Claire Browne

Claire Browne was born in Harrisburg, Pennsylvania, and raised in Pittsburgh. As an adult, she moved to Wiesbaden, Germany, and traveled around Europe to the United Kingdom, Austria, Italy, Spain, The Netherlands, and France.

Inspired by the continent's art, architecture, and textiles, she subsequently returned to the U.S. and enrolled at Claremont Graduate University in California to pursue an art degree. There, she had the privilege of studying with Roland Reiss, Neda Al-Hilali, and other professional artists from Los Angeles, which had become a major art center. 

Claire remained in Los Angeles after completing her degree, reveling in the cultural diversity and unconventional lifestyles of a city so different from any she had previously inhabited. In 2000, she began to exhibit her own work at Newspace Gallery. At the time, Claire’s artwork was strongly influenced by the vast sky she could see from her California hillside home, and her beach walks in Santa Monica. To this day, her work is informed by the expansive landscapes and ocean views the West Coast has to offer.

In 2010, a move to Portland led to a dramatic change in Claire's work. Amused by the popular slogan, “Keep Portland Weird,” she enjoys creating new pieces from old posters stapled to telephone poles and other materials from the urban environment. Claire continues to pursue this new genre, finding great satisfaction in working slowly and celebrating the handmade in an increasingly digitized world.


The attic of our old house in Pittsburgh with the various debris and objects traces the beginning of what I now call my art making.  There were buttons and bottles and shreds of paper, broken toys, old tattered doilies – these I formed and reformed until a “piece” was made.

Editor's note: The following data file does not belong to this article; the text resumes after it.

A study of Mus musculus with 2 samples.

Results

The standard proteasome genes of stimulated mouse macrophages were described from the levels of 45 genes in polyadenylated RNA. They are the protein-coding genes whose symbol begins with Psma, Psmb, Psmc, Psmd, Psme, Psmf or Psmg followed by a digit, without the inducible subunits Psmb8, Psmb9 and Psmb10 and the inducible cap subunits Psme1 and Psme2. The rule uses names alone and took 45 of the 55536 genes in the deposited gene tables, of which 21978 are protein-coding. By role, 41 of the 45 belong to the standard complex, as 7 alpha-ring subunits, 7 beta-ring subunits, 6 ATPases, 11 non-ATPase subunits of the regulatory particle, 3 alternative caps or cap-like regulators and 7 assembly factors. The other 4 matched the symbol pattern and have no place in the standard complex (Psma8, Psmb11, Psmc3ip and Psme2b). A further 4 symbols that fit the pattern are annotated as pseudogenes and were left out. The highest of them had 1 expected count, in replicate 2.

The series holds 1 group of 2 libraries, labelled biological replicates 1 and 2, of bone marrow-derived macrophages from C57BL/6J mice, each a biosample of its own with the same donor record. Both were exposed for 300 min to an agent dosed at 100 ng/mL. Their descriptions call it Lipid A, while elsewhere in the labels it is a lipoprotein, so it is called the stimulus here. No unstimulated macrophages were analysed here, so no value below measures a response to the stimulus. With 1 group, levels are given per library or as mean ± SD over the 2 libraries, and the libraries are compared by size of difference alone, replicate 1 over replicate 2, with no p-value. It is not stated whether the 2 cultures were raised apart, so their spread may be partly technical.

My current body of mixed media paintings is textured and layered; visual responses to the ever-changing landscape of Oregon, where I now live. The fall color, the moving clouds, the snow on Mt. Hood, flowers and plant colors, and the wildness of the desert and the mountains capture me.  I also find Portland an exciting city in which to live with its image of weirdness and quirkiness; its emphasis on community and individuality; the aesthetics of the Willamette River and the acres of forest. All of these influence my current work.

The layering of image and materials is important to this work. Images of daily life pile up and become entangled. Bits of the underlying layers emerge, suggest the passage of time, and the ephemera of life in the city. Materials include shredded paper, old photographs, netting, textiles, posters, Japanese paper, ribbon, thread, tissue paper, and string. Additionally, layers are achieved by using gel, paint, modeling paste, caulking, and other acrylic-based media. There are often ten to twelve layers, which are individually sanded until the resulting image is achieved.

My work addresses a debt to abstract expressionism; it involves found and salvaged materials from this time we are in, and expresses an interest in the different elements of my own biography.